Aurora Cannabis (ACB -3.37%) released its fourth-quarter results on Sept. 22 and they were yet another disappointment, with the company reporting a loss of 1.9 billion Canadian dollars for the period as impairment charges of CA$1.8 billion weighed heavily on its financials. Net revenue of CA$72.1 million also came in lower than the CA$75.5 million it reported in the third quarter. Aurora's share price is, unsurprisingly, down on the results, and is now trading around its 52-week lows.

While it would be easy to dismiss the stock as a bad buy given another poor quarterly performance, let's take a look at some of the positives and see whether it is worth taking a chance on Aurora today at its reduced price, or if it's a stock you're better off selling once and for all.

Can Aurora reverse its fortunes?

One of the reasons investors may be a bit optimistic about the company's future is that it has a new CEO in place. In September, Aurora announced that Miguel Martin would be taking over as CEO from Michael Singer. Singer, who is executive chairman, assumed the position after the resignation of Terry Booth in February. Martin has 25 years of experience in consumer packaged goods. He came over from Reliva when Aurora completed the acquisition of that hemp business on May 28.

With Martin in his new role, Aurora is already looking at a new focus: premium products, including vapes, which should help improve margins and overall profitability. The company's value brand, Daily Special, has been successful in generating sales, but Martin noted that given an increase in competition with other value products in the market, "it just becomes a diminishing return."

Cannabis greenhouse.

Image source: Getty Images.

Martin noted that in Q4, 62% of Aurora's net consumer revenue was thanks to Daily Special -- a significant change from the previous quarter, when that percentage was only 35%.

But despite the value brand accounting for more sales and Aurora reporting a dreadful loss in Q4, the company did make progress in its adjusted EBTIDA, or earnings before income, taxes, depreciation, and amortization. Aurora's adjusted EBITDA loss in Q4 totaled CA$34.6 million, compared with the CA$50.4 million loss it incurred in the third quarter. If the company can squeeze out more gross profit from a focus on premium products, there's potential there for the Alberta-based company to get even closer to reaching its goal.

As recently as June, management said Aurora was on track to achieve positive adjusted EBITDA by the first quarter of fiscal 2021. But by September, it had pushed that goal out to the second quarter of fiscal 2021.

Will reaching positive adjusted EBITDA be enough to win back investors?

It's been a rough year for Aurora: Revenue in Q4 last year was CA$98.9 million, 37% higher than in this past period. And while a positive adjusted EBITDA number would definitely get investors excited that the company is making progress, let's not forget this is primarily a growth stock. Investors buy pot stocks typically because they offer attractive growth prospects, and that's not possible without stronger sales numbers along the way.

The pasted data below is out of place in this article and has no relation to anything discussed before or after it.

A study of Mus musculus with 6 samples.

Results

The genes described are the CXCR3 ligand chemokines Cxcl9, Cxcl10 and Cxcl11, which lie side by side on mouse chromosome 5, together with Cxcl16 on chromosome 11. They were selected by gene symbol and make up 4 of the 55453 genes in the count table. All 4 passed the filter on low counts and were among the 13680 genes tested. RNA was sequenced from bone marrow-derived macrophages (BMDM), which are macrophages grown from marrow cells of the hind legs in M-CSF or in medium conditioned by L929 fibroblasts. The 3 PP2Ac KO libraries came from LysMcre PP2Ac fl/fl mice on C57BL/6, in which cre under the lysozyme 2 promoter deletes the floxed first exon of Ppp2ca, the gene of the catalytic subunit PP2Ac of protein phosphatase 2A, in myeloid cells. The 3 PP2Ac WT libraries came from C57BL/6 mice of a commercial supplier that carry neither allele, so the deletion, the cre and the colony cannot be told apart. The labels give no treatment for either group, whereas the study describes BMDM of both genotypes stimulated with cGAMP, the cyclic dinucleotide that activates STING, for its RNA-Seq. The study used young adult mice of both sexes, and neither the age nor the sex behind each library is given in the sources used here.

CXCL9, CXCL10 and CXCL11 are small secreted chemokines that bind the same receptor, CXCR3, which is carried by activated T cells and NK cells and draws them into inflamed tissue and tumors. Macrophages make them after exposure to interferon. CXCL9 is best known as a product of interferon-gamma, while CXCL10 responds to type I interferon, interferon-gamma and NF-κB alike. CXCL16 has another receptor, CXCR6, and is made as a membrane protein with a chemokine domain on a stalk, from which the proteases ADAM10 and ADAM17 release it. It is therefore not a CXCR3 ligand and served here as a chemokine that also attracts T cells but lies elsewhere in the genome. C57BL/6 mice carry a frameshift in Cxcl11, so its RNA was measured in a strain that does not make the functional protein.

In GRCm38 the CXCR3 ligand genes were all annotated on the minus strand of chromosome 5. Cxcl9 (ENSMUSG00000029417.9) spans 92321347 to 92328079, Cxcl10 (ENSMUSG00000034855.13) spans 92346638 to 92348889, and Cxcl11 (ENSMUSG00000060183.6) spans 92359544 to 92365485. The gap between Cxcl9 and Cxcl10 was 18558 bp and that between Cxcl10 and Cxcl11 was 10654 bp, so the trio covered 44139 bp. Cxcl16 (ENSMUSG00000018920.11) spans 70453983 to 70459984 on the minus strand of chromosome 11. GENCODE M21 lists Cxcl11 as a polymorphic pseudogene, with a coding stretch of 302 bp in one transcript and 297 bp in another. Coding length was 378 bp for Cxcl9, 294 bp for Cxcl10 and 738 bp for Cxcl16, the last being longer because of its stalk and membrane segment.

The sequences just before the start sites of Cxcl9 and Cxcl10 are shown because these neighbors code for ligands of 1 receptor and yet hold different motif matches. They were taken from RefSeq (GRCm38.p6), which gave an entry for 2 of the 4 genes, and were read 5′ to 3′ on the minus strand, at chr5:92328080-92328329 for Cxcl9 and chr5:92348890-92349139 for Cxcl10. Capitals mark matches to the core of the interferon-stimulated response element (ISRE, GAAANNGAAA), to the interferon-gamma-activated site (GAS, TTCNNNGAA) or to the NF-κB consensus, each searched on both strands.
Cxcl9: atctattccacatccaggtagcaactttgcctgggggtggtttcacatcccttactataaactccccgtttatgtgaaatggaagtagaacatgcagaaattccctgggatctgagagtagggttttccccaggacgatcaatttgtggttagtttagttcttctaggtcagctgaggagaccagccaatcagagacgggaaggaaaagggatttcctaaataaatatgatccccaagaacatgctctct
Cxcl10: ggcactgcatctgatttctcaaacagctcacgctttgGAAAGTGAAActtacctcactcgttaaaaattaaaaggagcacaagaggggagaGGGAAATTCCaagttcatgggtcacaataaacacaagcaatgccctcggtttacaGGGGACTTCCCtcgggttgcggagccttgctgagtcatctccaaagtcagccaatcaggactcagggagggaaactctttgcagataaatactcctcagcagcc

Martin stated that Q1 2021 will be the first quarter in which Aurora is completely divested of its noncore subsidiaries, meaning its revenue will now exclusively be made up of net cannabis revenue. In Q4, net cannabis revenue was only CA$67.5 million, and Martin's not expecting a strong start to the first quarter of fiscal 2021, projecting sales to come in between CA$60 million and CA$64 million.

As sales continue to fall, Aurora will have a hard time getting investors on board and reaching a positive adjusted EBITDA. 

Aurora still isn't a buy

Investors need to be careful about buying shares of companies in the middle of transitions. There's never any guarantee how they'll go, except that typically, they're not smooth rides. And that means there could be some tough times still ahead for Aurora investors. The worst, unfortunately, may still be to come. Even if the company hits breakeven with its adjusted EBITDA, that might not be enough to get investors excited, especially if its sales continue to struggle.

In the past year, shares of Aurora have fallen more than 90% while the Horizons Marijuana Life Sciences ETF (HMLSF 0.62%) is down a more modest 52% -- and even that pales next to the S&P 500's positive 13% returns.

Anytime you're investing in a stock that's cratered by more than 90%, you should have a very compelling reason to do so. Right now, there just isn't one for Aurora, which is why the stock is still a hard sell today, especially with many other great cannabis companies to invest in.